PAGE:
Hotel trade in crisis as room rates plunge
THE cost of staying in a budget hotel for a month is now almost the same as the short-term let of a one-bedroom apartment.
A collapse in the price of hotel rooms has led to a crisis in the trade, with rooms available in budget hotels for as little as €46 a night.
Room prices have plunged to a 10-year low amid dire predictions of "zombie hotels" emerging around the country.
A new report says profits in Irish hotels have been sliced in half over the past two years and room prices continue to drop as hoteliers try to attract business amid a glut of available accommodation.
And the Irish Hotels Federation (IHF) yesterday predicted this year was going to be even worse than 2009 with no sign of an upturn in the future.
Figures from consultants Horwath Bastow Charleton show the average for a room last year was €77.81 -- just a few cent off the average in 1999.
The average price of a room in 2007 was €97.69 -- meaning current charges are 20pc down as the recession continues.
"I can't see an upturn at all, I think market conditions remain very flat," president of the IHF Paul Gallagher said.
The dwindling profit levels at many hotels now mean they are unable to pay their bank loans, with high-end accommodation in four- and five-star hotels the hardest hit.
Last year, a room in a five-star hotel could be snapped up for €130 -- down from €168 two years previously.
The price of rooms in budget hotels has also plummeted to just €46 a night.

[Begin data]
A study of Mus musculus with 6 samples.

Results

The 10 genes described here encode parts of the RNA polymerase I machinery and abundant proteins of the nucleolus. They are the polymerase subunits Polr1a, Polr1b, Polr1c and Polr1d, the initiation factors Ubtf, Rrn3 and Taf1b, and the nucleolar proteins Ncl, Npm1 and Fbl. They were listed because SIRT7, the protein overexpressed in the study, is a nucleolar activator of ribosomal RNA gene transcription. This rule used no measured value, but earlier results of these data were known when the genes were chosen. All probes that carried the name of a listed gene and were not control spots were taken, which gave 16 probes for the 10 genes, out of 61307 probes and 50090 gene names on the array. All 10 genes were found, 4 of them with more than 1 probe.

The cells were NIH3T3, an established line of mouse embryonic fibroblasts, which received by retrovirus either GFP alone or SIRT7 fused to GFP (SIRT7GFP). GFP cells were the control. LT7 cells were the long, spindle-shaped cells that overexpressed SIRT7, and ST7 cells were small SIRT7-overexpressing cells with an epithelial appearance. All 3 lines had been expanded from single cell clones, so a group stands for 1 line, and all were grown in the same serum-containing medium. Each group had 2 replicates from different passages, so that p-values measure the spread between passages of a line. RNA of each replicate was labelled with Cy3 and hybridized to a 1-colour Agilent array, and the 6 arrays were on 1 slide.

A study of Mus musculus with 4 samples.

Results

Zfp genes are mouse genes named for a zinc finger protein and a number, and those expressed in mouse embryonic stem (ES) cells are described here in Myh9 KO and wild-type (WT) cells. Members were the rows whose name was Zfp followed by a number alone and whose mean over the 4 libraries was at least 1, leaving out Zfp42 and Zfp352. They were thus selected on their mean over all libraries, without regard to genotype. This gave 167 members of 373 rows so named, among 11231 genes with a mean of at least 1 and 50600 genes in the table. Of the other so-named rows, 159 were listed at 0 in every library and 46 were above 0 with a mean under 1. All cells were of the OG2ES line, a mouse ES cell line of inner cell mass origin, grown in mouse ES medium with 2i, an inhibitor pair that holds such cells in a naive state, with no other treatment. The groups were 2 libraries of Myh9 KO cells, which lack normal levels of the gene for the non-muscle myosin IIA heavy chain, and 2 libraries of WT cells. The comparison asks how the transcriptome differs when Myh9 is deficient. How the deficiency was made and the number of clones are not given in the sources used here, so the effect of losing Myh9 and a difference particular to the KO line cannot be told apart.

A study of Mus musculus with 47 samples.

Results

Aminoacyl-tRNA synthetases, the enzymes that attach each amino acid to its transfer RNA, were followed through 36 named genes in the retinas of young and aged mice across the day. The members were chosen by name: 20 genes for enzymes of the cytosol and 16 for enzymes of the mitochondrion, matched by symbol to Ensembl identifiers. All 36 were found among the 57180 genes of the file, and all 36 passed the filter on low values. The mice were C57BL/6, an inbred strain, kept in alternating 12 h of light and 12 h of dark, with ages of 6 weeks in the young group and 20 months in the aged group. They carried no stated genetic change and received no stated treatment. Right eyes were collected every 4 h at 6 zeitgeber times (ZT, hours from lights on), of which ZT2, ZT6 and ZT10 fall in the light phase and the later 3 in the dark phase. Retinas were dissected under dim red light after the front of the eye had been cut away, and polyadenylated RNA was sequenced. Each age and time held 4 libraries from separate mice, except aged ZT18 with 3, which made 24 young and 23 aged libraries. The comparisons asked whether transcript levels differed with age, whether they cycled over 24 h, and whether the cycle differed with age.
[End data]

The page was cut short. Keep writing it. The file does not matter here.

There has been a surge in construction in the hotel sector over the past decade during which 25,000 rooms -- 40pc of the total -- have been built.
The Horwath Bastow Charleton study estimates the average debt per room is around €135,000, leaving one-third of hotels in difficulty repaying interest on loans. Central bank figures for the end of 2009 show outstanding loans at €6.4bn.
Mr Gallagher said of the IHF's 900 members, around 36 have gone into receivership. This figure is expected to double by the end of the year.
"Clearly some of those don't have a future," he said. The IHF president said businesses that have failed should no longer be allowed to trade.
Predictions for the industry in the capital are slightly brighter. Dublin hotels pull in €16 more per room on average and have a 10pc higher occupancy.
The development of the Grand Canal theatre, the Aviva stadium and the national convention centre "will help the Dublin market rebound quicker", said the report.